In the ring
I tucked the box of cereal and Almond Milk under my arm and then attempted to grab a jar of coffee off the shelf, all the time with a shop assistant watching this sad excuse for a balancing act, until she couldn't take anymore as she rushed over to help, by carrying my choices to the counter for me. I thanked her and asked if I could pay by card.
She rung up the Sultana Bran, Almond Milk and cheap instant coffee, after getting home and trying it I would later question whether someone had just put fine brown dirt in a jar and stuck a label on it, and then heard, from behind the glass screen of the counter, that will be JD 2888.00 please.
That’s about £20 I thought, £20, as I fought the urge to run out of the store imagining myself, along the way, doing a roundhouse kick to the head of the guard on the exit, turning to watch his hat fly off as his head jerks back, the shock and surprise on his face fading into the look of pain as he flies through the air.
20 fucking pounds for a box of cereal, almond milk and cheap coffee; that’s over half a week’s wages for someone working 40 hours on minimum wage. One day, here on this beautiful island, people will indeed, get up, stand up and stand up for their rights and it will not be pretty.
The cost of living and the cost of just surviving for most is so high here.
I told someone to keep the change, on Friday, change which amounted to JD100 (60p) and they almost had tears in their eyes as they thanked me. Conversely, someone else, who had told me they had no food to eat, whom I’d given 90p to, looked at me with those hollow eyes, which I knew held long-term plans for this here foreigner.
He was big, a heavyweight boxer waiting for his next fight, he said, dancing around the ring softening me up with preliminary questions that jabbed out looking for the weaknesses in my defence.
Where am I going after here, what time am I leaving, do I need help getting there, when am I coming back? Where do I live? Can I have your number on this paper? Can you put your name on it too; do you have a second name, have you got a second number? How long are you out here for?
Life has taught me that it’s quite hard to tell a professional heavyweight boxer standing, right next to you, correction, looming right over you, to go and fuck himself. Enough questions already! Would have been quickly followed by can you please take your foot off my throat please Sir? So I duly answered every question. Watching his eyes as his brain worked out the next chess move. I won’t use his name here, and I’m only a little paranoid, but I knew he didn’t mean me well.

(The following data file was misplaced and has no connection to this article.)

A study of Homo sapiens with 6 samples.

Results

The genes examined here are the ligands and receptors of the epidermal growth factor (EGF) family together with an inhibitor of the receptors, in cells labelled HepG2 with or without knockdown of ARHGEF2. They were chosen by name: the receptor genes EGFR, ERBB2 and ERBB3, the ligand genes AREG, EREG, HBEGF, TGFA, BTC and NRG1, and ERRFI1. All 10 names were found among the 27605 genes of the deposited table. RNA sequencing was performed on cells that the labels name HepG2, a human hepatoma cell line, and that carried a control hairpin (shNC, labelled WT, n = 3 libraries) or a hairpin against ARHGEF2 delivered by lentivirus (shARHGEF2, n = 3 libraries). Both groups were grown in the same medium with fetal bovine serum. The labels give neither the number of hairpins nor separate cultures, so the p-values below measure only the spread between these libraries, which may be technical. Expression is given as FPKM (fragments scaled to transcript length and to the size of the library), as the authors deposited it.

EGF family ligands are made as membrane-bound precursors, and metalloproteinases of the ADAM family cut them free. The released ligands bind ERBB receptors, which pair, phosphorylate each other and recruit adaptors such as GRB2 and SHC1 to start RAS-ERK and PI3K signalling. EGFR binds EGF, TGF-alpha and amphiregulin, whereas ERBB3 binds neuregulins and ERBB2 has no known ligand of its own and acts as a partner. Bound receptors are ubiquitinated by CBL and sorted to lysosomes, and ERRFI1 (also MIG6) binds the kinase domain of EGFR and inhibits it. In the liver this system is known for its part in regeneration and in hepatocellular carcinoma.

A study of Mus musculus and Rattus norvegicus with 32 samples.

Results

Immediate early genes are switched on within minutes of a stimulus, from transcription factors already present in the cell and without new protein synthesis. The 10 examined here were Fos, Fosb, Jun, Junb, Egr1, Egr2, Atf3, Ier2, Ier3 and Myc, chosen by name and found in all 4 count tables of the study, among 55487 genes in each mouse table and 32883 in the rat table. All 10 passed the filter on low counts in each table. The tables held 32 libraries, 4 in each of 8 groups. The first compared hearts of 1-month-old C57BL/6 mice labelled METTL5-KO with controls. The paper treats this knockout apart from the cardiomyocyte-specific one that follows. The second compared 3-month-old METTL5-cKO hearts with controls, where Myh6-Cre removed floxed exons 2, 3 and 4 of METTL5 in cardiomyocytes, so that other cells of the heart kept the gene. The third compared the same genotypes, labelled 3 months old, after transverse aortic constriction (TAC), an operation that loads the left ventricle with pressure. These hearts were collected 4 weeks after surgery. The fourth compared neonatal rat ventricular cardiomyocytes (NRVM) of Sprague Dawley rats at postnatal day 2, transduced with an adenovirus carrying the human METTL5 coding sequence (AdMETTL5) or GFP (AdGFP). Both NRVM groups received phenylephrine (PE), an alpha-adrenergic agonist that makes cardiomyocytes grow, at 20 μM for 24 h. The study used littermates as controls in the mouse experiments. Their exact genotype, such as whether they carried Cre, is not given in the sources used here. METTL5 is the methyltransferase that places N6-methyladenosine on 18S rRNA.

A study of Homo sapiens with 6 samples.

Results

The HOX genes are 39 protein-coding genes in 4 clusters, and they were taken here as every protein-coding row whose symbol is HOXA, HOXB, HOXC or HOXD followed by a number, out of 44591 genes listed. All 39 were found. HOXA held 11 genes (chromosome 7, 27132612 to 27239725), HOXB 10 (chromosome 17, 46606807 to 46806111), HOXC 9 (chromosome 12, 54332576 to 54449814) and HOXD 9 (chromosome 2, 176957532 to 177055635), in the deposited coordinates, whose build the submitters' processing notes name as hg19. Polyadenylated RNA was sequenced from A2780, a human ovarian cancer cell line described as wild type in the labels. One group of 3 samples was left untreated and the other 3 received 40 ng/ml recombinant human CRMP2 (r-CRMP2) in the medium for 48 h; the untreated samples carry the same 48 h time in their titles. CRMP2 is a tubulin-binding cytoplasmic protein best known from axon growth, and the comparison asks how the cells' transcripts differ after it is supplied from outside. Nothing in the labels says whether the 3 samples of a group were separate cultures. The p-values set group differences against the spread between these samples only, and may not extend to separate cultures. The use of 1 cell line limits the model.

To be asked by a stranger for money, so he can eat, as he watches you pack all of your seemingly expensive camera gear away, well, is an uncomfortable place to be in. I know some photographers like to position themselves as God-like figures, doing God-like works, and that their photographs are changing lives – their own mainly of course. But I know my photographs won’t change anything, not for the boxer, or Jamaica.
People in Britain will still think of Jamaica as being a cross between a Lilt and Malibu advert, directed by Quentin Tarantino, that has a cameo by Usain Bolt; regardless of what photographs I take here. Regardless of how subtle or nuanced my observations are Jamaicans will rightly say, well, what does this foreigner know about our country anyway and British people will think he went out to Jamaica and never brought it back.
The children of the diaspora will always be in that mid-outside / inside world; always wanting to belong to something that doesn’t either need them or want them; as they’re told who they are by others. Always at home and abroad, always out at sea, in flight and always at odds with the multiple identities, which churn away inside them.
Cry me a river I hear you say, as we’re all lost in our own ways; me, you and the hollow-eyed heavyweight boxer, on the make, all of us just trying to make sense of it all.
All of us are in the same ring, just trying to fight our way through, putting up the best defence that we can. Always on the move, dodging life's punches, whilst hoping not to get hit; even though we all know that we will.